Chinese Energy Firm Backing Hinkley Point Accused Of Nuclear Espionage

Szuhsiung Ho
Szuhsiung Ho, a nuclear engineer employed by the China General Nuclear Power Company. In a 17-page indictment, the U.S. government said nuclear engineer Ho, employed by the China General Nuclear Power Company, and the company itself had unlawfully conspired to develop nuclear material in China without approval. Knox County Sheriff's Office

The Chinese energy company with a 33 percent stake in Britain's Hinkley Point nuclear power station is facing charges of nuclear espionage in the United States, it has been reported.

The state-owned China General Nuclear Power (CGN) is accused of a conspiracy to steal U.S. industry secrets to aid the development of Chinese technology, according to The Times.

A senior advisor to CGN, Szuhsiung Ho, is due to appear in court next week accused of recruiting U.S. experts to find out secret information.

Ho denies the charges and his lawyer said he was involved in commercial consultancy for CGN.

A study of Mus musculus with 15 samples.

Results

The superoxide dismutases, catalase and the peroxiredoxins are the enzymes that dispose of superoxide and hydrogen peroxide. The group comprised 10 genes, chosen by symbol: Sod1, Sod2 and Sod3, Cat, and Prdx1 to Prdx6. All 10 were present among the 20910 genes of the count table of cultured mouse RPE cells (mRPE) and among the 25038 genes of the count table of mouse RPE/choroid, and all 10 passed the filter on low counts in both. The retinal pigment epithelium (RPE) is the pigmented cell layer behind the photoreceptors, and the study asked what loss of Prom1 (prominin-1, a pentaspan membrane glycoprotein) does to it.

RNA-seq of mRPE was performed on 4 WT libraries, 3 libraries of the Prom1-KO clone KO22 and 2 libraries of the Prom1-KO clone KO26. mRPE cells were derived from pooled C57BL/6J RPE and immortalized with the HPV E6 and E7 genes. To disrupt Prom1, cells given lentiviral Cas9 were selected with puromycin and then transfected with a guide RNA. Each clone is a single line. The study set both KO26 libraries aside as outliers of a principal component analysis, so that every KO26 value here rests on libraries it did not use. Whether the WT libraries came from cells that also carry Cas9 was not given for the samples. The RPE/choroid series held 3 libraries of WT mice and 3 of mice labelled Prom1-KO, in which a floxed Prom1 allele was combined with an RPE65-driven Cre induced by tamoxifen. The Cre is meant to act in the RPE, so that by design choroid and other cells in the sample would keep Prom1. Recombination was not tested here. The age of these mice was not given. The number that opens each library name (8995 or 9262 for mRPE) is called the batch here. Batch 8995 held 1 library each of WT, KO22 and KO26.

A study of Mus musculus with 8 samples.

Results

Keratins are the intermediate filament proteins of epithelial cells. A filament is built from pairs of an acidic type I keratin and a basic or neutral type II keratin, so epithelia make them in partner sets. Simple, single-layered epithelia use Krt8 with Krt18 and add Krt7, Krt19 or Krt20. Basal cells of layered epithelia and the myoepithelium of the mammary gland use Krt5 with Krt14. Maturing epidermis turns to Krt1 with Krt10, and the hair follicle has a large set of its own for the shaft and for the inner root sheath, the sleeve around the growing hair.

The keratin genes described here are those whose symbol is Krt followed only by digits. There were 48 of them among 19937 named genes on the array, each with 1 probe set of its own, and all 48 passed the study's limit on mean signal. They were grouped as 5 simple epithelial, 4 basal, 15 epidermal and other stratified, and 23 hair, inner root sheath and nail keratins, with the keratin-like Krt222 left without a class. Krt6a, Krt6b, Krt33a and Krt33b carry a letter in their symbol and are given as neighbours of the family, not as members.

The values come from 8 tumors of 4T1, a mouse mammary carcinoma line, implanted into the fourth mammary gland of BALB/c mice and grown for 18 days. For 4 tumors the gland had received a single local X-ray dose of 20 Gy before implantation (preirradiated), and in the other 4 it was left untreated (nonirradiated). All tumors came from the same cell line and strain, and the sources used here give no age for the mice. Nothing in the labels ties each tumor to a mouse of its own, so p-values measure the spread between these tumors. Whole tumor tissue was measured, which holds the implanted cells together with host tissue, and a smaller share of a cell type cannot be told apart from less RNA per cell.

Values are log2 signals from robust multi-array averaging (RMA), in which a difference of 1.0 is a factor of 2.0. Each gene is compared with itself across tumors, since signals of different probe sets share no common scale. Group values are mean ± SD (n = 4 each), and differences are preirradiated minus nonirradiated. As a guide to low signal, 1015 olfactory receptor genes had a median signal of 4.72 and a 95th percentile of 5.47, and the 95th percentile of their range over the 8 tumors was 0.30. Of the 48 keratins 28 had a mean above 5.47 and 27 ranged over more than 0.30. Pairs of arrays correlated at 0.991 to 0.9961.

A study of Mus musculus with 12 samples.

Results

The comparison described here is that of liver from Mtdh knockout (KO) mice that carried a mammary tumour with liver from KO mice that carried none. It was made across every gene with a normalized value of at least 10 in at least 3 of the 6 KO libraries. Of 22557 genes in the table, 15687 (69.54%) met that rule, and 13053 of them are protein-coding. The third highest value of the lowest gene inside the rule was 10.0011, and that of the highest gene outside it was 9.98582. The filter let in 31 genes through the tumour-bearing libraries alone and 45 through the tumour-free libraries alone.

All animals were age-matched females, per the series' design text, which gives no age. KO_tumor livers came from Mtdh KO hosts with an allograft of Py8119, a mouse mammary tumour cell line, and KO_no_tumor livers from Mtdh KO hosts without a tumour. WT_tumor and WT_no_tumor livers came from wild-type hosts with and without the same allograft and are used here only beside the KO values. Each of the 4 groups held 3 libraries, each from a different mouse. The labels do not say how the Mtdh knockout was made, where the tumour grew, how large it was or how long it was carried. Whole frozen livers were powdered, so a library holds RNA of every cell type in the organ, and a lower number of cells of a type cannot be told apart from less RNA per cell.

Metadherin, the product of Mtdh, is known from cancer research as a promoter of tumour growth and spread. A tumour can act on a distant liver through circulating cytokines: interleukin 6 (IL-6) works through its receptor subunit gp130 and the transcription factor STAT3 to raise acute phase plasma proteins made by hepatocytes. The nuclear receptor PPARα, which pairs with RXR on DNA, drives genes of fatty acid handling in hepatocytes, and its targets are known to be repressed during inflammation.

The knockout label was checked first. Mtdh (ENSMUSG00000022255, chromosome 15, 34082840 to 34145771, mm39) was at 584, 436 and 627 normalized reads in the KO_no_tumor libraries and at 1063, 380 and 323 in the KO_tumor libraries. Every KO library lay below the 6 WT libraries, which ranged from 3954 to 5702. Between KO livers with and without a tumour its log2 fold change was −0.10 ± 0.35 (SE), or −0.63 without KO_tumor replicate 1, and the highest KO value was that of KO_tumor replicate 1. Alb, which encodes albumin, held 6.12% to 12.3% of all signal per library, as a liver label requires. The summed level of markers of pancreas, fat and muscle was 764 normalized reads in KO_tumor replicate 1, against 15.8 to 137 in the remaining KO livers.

The revelation comes after Lord Mandelson warned that Theresa May must make a decision on whether or not to approve the Hinkley Point project before the end of next month or risk jeopardising increasingly important economic ties with China.

The prime minister last month ordered a last-minute review to selling the £18 billion Somerset plant amid suggestions that she has security concerns over the Chinese state investing in critical U.K. infrastructure.

Former business secretary Lord Mandelson said it would be "globally suicidal" for China, which has a one-third stake in the project, to be seen to be interfering with another country's security.